Four ways to celebrate Halloween without complete candy overload.

Credit: Leena Robinson/Shutterstock

When it comes to Halloween, I'm a purist: I pass out chocolate and candy to trick-or-treaters and when my kids return home from going door to door, I watch my them dump their haul on the living room floor, sort it into categories, barter and trade with each other—and eat as much as they want that night. People think that because I'm a dietitian, I'm standing at the door handing out raisins and toothbrushes and confiscating my kids' candy. Not so. I think it's okay to celebrate some occasions with food. (Not for nothing, but if goodies aren't handed out every day for invented special occasions like soccer games, it's much easier to do this.)

But Halloween, like many other holidays, can turn into a weeks-long sugar fest. So it makes sense to put some sensible plans in place. Here's what I do:

I buy Halloween candy at the very last minute, usually the day of trick-or-treating. If I buy it weeks in advance when it first appears on store shelves, we're all eating fun-size candy bars every day—and I have to buy more.

I advocate for healthier school Halloween parties . Having a goodies-filled party the week or even day of trick-or-treating seems like overkill. And after organizing many class parties over the years, I've come to realize that games, decorations, and general fun far outweigh food for kids. Get fun, healthy, and easy ideas for class celebrations: 8 Healthy Treats For Halloween Class Parties

I play the Switch Witch. My kids have free reign on trick-or-treat night to eat what they want (which comes with the handy life lesson that sometimes you get a tummy ache after eating too many sweets!). Then they keep a pile of their favorites and leave the rest (the stuff they don't like or just don't prefer) for the Switch Witch. She arrives after they're asleep, takes the candy, and replaces it with a toy or game. (This is optional at my house, by the way, though my kids have always chosen to do it.) I like that it teaches them to value what they like best–but not waste time on the stuff they don't, simply because it's there. In our culture of omni-present junk, that's a useful skill.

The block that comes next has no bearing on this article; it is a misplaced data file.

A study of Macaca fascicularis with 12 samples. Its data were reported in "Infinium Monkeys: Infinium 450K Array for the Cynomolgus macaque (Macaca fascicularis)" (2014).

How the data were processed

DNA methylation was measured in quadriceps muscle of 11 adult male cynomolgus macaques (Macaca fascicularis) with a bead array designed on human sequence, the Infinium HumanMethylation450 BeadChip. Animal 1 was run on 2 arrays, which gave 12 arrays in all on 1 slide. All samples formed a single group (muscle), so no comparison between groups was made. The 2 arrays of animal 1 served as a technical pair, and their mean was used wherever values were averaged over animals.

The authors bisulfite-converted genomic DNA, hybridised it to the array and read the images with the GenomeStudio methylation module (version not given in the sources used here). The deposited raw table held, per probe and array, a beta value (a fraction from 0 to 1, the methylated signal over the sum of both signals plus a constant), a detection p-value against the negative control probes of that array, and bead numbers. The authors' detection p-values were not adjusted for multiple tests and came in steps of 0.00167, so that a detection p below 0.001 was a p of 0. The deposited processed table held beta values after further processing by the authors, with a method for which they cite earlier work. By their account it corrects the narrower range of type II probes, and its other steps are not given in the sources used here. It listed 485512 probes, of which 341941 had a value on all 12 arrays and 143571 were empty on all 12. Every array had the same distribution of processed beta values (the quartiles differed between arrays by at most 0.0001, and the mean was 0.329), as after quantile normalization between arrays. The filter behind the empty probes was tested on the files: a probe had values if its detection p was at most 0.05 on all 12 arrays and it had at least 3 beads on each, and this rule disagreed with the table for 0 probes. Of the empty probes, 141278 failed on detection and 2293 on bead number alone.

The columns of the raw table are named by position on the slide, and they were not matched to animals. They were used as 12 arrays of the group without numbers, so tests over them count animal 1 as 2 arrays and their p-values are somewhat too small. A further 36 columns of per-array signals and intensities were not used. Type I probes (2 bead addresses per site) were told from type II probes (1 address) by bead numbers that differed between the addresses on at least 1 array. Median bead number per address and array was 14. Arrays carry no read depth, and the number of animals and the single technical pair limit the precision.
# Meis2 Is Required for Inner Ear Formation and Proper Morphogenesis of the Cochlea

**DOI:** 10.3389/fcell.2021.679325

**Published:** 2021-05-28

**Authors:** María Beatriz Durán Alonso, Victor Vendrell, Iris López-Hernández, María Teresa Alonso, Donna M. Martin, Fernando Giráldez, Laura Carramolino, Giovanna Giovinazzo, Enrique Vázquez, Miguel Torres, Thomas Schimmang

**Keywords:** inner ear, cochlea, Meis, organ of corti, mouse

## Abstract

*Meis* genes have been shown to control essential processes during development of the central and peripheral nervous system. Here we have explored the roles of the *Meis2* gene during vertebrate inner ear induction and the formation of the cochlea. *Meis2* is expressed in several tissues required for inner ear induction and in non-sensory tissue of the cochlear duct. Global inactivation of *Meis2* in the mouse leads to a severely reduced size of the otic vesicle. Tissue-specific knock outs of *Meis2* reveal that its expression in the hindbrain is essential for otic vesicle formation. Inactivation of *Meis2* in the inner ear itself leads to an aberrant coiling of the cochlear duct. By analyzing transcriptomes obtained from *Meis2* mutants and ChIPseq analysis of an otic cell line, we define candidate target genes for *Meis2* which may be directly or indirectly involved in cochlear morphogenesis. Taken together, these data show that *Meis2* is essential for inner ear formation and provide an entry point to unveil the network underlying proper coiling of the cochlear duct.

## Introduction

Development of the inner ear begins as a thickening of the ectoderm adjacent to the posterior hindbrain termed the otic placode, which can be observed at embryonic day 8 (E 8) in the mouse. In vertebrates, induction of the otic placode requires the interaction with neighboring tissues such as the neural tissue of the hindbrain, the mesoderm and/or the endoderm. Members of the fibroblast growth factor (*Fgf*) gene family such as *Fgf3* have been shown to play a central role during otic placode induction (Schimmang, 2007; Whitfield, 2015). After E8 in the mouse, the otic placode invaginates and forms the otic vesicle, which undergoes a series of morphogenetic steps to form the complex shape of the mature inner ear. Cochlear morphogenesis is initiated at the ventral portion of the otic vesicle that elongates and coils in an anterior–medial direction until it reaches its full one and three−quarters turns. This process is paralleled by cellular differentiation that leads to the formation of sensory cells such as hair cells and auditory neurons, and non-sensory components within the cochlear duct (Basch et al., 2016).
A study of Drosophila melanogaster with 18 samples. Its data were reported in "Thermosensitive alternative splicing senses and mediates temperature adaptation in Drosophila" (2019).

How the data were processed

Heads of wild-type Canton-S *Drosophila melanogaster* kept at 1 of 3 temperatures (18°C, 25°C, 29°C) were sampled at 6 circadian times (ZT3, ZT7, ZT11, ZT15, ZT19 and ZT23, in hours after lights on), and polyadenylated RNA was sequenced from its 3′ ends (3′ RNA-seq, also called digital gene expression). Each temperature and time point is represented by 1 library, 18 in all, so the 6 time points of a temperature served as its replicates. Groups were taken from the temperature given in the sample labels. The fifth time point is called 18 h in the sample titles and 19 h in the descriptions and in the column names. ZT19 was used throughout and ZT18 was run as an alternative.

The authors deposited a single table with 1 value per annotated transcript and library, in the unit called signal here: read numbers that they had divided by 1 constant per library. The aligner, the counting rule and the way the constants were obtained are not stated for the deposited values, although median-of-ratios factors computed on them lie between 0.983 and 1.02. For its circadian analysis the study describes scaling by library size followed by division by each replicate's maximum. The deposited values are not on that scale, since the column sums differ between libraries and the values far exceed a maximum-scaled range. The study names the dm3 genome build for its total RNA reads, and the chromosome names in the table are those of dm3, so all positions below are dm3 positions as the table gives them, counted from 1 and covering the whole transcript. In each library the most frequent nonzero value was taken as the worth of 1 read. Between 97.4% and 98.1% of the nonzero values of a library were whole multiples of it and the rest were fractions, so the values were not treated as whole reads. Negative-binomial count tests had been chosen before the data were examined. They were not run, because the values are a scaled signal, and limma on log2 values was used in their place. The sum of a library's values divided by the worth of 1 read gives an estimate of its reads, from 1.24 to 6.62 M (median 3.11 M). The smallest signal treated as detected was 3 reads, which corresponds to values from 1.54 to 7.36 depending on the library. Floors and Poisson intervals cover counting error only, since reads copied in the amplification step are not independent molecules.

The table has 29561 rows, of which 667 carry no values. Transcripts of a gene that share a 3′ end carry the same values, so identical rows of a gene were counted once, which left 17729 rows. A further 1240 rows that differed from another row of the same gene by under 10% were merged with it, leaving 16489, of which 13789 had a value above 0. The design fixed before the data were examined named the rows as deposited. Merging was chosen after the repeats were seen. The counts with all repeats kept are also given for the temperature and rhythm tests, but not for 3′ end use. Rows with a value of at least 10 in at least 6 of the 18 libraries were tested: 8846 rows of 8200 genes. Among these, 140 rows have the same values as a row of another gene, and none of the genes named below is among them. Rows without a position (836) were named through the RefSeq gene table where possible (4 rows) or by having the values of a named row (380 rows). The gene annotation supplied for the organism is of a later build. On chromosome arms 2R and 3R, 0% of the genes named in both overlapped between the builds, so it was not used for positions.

I let my kids be in charge of their stash. In our house, we have a one-treat-a-day policy which works most of the time. You can have your treat whenever you want: in your lunchbox, after school, after dinner, even WITH dinner (read: Got Dessert-Obsessed Kids? This Solution Sounds CrazyBut It Works!). My two boys' Halloween stockpile is kept in separate bags in a cupboard they can access. We decide together what a reasonable portion is and they serve themselves. They don't obsess because they know they can have it.

You may do things differently, and that's okay. You may throw out everything with artificial colors, only buy GMO-free goodies, or hand out glow-sticks instead of chocolate. Maybe you donate all the candy to the troops, and your kids are fine with that. By all means, do your own thing, and do what works. Have a fun Halloween!

Sally Kuzemchak, MS, RD, is a registered dietitian, educator, and mom of two who blogs at Real Mom Nutrition. You can follow her on Facebook Twitter Pinterest, and Instagram. She collaborated with Cooking Light on Dinnertime Survival Guide, a cookbook for busy families. In her spare time, she loads and unloads the dishwasher. Then loads it again.